On March 31, 2014 the U.S. Senate passed legislation that included $900 million to fund the bipartisan Excellence in Mental Health Act. The legislation, which passed the U.S. House of Representatives as part of the Medicare SGR Repeal bill, establishes a two year demonstration program in eight states to offer a broad range of mental health and substance use treatment services, including 24-hour crisis psychiatric services, while setting new standards for provider organizations, with the goal of expanding into other states.
Senator Debbie Stabenow, said: “Today’s vote is a landmark step forward in the effort to expand community mental health services for people living with mental illness and reduce the stigma around mental illness. This is a critically important issue that touches all of our families in some way and this legislation is one of the most significant steps in decades to expand access to care. I’m glad that the both the House and the Senate were able to come together and act in a bipartisan way to strengthen mental health services.” As many as 240,000 people will be able to receive critical behavioral health services as a result of Excellence Act funding.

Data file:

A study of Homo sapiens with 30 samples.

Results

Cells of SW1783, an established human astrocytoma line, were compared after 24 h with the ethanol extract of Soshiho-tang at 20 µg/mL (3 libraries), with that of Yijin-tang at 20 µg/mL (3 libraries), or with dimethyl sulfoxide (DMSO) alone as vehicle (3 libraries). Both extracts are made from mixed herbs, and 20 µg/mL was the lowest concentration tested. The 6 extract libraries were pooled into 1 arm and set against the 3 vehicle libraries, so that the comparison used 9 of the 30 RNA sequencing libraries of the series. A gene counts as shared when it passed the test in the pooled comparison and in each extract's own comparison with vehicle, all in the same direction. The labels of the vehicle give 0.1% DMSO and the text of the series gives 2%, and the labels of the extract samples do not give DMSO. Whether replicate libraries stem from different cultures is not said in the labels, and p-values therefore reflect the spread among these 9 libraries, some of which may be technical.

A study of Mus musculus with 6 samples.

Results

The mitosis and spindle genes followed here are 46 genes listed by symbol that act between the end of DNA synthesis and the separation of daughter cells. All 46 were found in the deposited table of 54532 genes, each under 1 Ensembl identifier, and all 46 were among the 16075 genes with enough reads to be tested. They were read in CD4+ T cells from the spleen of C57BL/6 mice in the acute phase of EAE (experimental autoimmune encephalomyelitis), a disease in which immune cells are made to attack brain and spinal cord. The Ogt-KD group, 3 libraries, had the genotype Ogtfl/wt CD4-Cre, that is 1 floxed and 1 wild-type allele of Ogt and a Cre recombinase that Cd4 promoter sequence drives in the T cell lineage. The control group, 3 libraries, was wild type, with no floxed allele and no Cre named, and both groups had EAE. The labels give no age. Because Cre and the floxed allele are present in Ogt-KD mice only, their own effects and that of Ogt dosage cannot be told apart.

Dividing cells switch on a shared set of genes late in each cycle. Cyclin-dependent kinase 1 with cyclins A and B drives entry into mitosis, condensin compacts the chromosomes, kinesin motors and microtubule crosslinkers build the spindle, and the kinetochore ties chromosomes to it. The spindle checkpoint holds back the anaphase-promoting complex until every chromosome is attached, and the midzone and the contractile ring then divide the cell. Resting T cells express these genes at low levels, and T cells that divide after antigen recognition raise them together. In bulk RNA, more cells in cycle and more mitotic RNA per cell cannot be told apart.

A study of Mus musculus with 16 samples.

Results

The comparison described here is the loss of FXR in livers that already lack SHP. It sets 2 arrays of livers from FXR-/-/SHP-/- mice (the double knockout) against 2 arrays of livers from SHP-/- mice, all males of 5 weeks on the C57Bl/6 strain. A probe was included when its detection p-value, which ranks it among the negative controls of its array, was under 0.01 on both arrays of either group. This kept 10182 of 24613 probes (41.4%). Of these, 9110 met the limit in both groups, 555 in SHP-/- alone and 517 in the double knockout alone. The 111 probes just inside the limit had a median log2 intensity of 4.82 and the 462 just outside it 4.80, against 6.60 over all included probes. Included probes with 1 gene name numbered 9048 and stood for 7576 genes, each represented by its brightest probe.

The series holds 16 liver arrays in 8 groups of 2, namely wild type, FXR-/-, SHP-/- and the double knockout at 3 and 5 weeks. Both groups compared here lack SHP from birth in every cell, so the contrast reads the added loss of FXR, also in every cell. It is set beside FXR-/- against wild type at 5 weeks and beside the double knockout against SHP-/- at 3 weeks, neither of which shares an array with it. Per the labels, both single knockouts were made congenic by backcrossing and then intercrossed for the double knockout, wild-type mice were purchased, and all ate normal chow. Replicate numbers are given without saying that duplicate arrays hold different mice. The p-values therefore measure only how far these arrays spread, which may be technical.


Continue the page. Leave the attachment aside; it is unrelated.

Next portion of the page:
Faustino Venzor, who is living with mental illness and receiving treatment, told PoliticalNews.me: “I have struggled with manic depression for most of my adult life, after an acute psychiatric crisis in 2001. I was saved that day by quick action taken by my mother and by a community clinic where I was taken to receive treatment. Today, I am grateful to be in recovery, I have a loving wife and a three-month old baby, and I’ve been admitted to Columbia University in hopes of pursuing medicine. I know firsthand the difference that intensive community-based services can make in the lives of people with serious mental illness, which is why I support the Excellence in Mental Health Act.”
Along with 50 other mental health organizations, Mental Health America has been a steadfast supporter of the Excellence in Mental Health Act. The legislation strives to reduce high hospital emergency room utilization among persons living with behavioral health conditions and assist the the young men and women returning from Iraq and Afghanistan with service-connected mental disorders, including clinical depression and PTSD.